The school buildings were centred on Cotton Hall, a country house used by religious communities from the 1840s until the school moved there in 1873. The school closed in 1987 and the site is now derelict. The school and its chapel (St Wilfrid's church) are both Grade II listed buildings.
History of the school
The school was founded in 1763 at Sedgley Park School, Wolverhampton – now a hotel. It was founded by William Errington at the recommendation of Bishop Richard Challoner. In 1873 it moved to Cotton Hall. The school closed in 1987 due to financial difficulties.
Cotton Hall appears to date back to 1630 and was most probably built by the Morrice family. Thomas Gilbert rebuilt the house in the eighteenth century. In 1843 Cotton Hall was sold to the Earl of Shrewsbury. The Earl, who lived at Alton Towers nearby, offered the building to a religious community under the leadership of Frederick William Faber.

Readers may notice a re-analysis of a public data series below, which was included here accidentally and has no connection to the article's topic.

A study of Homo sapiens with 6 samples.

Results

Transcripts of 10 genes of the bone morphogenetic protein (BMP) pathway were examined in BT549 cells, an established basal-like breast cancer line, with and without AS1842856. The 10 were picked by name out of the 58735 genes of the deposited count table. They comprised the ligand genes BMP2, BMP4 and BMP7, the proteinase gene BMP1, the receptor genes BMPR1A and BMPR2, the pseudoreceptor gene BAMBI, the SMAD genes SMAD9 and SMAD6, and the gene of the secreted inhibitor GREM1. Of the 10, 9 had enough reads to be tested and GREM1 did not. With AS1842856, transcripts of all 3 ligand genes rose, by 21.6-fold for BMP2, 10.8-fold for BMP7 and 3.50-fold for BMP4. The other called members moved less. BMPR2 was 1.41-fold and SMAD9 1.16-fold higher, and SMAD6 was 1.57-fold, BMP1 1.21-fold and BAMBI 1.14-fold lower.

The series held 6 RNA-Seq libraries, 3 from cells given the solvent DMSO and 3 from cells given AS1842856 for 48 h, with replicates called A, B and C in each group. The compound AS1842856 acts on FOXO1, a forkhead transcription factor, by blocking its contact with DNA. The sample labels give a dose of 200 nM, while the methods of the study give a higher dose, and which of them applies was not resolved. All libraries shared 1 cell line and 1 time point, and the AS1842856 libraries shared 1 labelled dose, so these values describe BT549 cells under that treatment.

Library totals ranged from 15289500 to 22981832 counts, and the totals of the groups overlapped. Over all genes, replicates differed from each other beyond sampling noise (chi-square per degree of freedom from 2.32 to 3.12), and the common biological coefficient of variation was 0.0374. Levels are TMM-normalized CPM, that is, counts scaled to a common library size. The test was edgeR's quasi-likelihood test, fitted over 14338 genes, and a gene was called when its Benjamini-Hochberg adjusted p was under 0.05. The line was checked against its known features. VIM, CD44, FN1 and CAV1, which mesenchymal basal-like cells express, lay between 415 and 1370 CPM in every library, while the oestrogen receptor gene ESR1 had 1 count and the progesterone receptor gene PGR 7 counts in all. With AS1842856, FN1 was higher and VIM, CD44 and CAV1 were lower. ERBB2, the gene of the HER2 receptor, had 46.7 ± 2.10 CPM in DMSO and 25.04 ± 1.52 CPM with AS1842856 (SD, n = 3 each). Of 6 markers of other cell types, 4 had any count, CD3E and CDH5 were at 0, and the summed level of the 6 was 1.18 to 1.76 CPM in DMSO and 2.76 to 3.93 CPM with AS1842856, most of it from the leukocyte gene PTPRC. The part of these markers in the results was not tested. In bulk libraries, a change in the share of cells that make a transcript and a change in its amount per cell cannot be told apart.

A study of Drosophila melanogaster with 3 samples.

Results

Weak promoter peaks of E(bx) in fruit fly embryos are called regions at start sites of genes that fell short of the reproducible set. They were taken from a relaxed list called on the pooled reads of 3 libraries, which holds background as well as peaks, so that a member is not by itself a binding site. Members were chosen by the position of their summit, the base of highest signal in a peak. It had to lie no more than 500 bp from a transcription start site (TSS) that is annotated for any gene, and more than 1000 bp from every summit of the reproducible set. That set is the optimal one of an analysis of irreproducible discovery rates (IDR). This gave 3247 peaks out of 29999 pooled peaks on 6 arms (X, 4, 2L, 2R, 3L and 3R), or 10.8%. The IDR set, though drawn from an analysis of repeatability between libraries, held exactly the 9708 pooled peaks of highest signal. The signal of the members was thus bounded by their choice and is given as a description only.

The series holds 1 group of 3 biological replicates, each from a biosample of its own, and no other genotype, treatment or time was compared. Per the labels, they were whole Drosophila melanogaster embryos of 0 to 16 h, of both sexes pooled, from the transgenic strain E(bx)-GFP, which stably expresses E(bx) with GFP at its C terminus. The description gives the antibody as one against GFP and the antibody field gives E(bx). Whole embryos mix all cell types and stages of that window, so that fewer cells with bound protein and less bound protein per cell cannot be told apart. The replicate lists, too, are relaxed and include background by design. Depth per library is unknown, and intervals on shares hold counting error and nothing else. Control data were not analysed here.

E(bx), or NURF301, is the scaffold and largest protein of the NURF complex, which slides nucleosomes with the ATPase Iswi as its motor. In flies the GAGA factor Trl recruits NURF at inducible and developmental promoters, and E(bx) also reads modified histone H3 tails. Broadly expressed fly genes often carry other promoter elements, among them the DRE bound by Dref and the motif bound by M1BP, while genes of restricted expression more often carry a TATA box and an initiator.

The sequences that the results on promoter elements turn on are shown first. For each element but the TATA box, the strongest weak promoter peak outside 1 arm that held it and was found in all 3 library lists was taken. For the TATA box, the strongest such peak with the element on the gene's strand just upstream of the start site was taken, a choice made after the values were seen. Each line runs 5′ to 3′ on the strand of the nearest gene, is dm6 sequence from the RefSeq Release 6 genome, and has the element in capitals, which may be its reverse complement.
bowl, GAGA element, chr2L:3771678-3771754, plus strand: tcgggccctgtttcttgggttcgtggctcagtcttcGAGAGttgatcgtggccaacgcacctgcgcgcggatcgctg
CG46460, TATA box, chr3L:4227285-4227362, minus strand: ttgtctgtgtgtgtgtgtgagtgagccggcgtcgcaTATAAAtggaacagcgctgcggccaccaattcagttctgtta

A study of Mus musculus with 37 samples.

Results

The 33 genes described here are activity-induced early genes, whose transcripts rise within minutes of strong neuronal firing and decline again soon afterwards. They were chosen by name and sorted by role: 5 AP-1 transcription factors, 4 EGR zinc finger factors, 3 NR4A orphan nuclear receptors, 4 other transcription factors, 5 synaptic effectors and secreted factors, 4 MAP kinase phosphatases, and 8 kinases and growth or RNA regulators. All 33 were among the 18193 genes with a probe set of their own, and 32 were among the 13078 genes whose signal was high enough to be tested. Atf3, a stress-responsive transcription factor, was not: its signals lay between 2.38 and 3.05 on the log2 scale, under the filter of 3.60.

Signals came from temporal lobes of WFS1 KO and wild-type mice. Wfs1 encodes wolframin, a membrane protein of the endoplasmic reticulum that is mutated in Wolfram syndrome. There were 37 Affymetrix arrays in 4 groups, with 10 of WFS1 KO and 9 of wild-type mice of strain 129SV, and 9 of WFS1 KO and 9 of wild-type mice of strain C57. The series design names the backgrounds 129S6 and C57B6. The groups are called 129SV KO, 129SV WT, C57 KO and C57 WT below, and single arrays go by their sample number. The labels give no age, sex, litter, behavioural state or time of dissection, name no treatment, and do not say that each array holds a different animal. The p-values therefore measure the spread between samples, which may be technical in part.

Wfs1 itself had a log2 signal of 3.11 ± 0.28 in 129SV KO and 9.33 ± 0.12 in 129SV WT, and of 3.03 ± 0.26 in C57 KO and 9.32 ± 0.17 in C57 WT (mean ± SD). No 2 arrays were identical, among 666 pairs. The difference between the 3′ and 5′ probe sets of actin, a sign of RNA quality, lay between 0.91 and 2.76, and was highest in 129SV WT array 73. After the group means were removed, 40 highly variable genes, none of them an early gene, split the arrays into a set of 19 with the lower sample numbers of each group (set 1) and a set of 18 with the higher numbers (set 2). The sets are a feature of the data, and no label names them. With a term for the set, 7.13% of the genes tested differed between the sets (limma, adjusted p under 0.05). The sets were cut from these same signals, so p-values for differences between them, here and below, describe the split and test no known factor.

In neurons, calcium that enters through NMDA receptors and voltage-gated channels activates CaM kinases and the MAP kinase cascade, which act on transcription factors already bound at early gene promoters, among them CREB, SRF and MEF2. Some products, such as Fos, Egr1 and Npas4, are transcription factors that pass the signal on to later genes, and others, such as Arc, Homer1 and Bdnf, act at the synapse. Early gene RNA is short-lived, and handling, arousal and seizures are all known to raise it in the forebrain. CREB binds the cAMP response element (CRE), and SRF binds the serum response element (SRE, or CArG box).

The house was extended in 1846–1848 for use by the religious community, which started a village school and sought to convert locals to Roman Catholicism. The building work was financed by the Earl, who gave the commission to his architect Augustus Pugin, most famous for his work with Charles Barry on the Houses of Parliament. After the school moved to Cotton, the building was further extended in 1874-1875, 1886-1887 and 1931-1932.
St Wilfrid's Church
St Wilfrid's Church remained intact after the closure of the school, although regular services are no longer held there.
- David Cashman (Bishop of Arundel and Brighton)
- Kieran Conry (Bishop of Arundel and Brighton)
- John Cornwell (writer)
- Billy Kan Hong Kong billionaire
- Camille Solon (artist)
- Thomas Williams (Archbishop of Birmingham)
- History from CottonCollege.co.uk, retrieved 22 December 2014
- Cotton College, Cotton from British listed buildings, retrieved 22 December 2014
- "Pugin's St Wilfrid's Catholic church in Cotton closes". BBC. 2010.